The next time your child comes home from art class with the latest masterpiece to hang on the refrigerator door, you might want to take a moment to think about what bloomed inside as they created their latest work of art.
When children engage in art, the goal shouldn’t be to become the next Picasso. Rather, it should be a way to help them feel empowered by their own ideas, and teach them to take brave steps. While creating, children are learning valuable skills such as problem-solving and self-awareness.
Zachary Clark, outreach art instructor at Community School of the Arts in Charlotte, continually sees the positive ways art can help a child develop.
“When they take on a project and really run with it,” says Clark “they are asking themselves critical questions, figuring out issues and learning how to execute sophisticated ideas.”
Parents can help develop those same skills at home by sitting with their child while they are doing artwork and ask questions like: “What are we making? “Why are you drawing it this way?” “What will happen if we do this?” Asking questions can lead to having more intelligent, challenging and sophisticated conversations.
Just as art can help stimulate young minds, introducing children to music has its lasting rewards, too.
Laurel Talley, Suzuki coordinator and lead violin instructor at CSA, says children learning to play an instrument not tap into their creative side, but are learning discipline and analytical skills, and how to work in a group.
“Playing music teaches children to be goal-oriented and expressive,” says Talley.
It might be months before a 6-year-old will learn to play “Twinkle, Twinkle, Little Star,” but Talley sees young children processing the concepts, memorizing the notes and working towards an ultimate goal of playing for an audience.
Learning an instrument takes focus and patience. Talley says students understand that if they stick with something, it will sound better and come full-circle for them in the long run.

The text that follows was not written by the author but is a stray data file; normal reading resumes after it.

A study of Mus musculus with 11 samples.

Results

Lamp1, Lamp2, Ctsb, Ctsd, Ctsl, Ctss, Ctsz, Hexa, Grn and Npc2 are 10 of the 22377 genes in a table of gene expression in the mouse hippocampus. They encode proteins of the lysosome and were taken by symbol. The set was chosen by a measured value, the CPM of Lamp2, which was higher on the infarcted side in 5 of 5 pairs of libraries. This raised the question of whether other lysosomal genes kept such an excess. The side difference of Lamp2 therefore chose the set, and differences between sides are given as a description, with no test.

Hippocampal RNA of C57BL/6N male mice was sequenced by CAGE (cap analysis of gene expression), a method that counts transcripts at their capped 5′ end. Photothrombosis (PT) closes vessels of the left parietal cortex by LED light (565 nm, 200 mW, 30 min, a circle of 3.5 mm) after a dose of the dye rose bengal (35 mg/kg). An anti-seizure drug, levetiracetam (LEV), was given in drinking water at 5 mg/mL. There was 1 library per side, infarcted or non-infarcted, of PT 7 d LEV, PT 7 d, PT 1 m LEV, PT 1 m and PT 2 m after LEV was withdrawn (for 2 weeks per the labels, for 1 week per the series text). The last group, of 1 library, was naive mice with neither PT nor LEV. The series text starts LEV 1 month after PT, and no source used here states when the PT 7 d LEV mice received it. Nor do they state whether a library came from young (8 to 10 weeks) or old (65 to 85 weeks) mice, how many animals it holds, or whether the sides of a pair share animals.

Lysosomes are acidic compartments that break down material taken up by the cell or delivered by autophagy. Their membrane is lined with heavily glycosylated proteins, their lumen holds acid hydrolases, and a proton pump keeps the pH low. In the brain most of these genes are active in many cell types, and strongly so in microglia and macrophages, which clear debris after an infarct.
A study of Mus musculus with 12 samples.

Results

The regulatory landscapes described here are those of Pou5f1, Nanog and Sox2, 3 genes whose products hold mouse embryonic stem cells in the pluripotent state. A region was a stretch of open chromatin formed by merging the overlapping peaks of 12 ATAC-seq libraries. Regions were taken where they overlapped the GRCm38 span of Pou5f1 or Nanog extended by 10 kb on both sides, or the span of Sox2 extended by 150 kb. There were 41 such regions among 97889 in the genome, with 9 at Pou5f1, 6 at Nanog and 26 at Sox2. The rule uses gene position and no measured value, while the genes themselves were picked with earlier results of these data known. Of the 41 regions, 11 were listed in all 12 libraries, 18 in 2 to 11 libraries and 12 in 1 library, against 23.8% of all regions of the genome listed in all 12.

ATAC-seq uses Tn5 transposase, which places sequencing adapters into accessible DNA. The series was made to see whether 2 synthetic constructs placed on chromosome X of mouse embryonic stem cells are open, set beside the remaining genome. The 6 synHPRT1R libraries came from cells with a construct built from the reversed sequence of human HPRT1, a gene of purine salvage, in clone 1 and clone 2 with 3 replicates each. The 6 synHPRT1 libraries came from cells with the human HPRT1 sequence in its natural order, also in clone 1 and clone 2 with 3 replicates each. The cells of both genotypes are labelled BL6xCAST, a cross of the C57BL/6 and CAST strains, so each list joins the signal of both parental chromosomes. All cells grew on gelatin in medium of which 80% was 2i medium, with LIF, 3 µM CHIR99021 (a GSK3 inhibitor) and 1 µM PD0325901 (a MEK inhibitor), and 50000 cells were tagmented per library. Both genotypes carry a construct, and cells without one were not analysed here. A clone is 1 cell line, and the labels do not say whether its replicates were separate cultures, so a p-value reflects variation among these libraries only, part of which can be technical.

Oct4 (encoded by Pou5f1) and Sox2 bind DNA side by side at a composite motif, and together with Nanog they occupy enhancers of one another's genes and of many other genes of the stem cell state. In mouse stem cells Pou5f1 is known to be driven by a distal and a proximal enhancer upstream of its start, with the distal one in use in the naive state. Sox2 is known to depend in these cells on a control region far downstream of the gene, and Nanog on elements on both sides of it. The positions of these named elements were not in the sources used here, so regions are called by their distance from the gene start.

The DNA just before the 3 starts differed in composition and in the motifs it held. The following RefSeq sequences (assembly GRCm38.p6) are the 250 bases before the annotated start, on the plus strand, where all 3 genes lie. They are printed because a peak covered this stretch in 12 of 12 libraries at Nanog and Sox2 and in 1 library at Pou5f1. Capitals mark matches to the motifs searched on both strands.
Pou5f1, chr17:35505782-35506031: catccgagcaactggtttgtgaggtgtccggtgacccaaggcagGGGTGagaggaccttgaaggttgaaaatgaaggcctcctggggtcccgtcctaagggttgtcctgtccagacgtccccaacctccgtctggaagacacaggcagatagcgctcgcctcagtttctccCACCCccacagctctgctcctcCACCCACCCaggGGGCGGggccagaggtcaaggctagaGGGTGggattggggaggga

“I do think they reflect and see how far they’ve come,” says Talley. “It makes a big impact on their self-esteem and self confidence.”
Parents often tell her they’ve seen that same discipline and focus transfer to other areas for the child, such as tackling a new academic area in school, training for a sport or even getting good at spelling.
UNC Charlotte student Amber Carpenter began studying the harp when she was 7. She believes it’s helped her develop many life skills, including structuring her time, and structuring her learning.
“I’m a good student now,” said Carpenter, 21. “I feel a lot of that has come from the fact that I’ve had to push myself to work hard for something, and be diligently focused.”
David McGuirt of Charlotte has three children – Avery, 17; Casey, 15; and Emmy, 14 – all of whom have studied violin since the age of 5. McGuirt says when his children started lessons, he noticed that they became less shy when it came to presenting a book report or speaking in front of people.
“All three are really academic high-flyers,” said McGuirt, a guitar player himself. He feels strongly that studying music is the reason. “It’s helped them in a lot of fronts other than just playing a musical instrument.”
Denise Slaughter is a freelance writer and volunteers with Community School of the Arts, one of the largest providers of music and art instruction in the Southeast.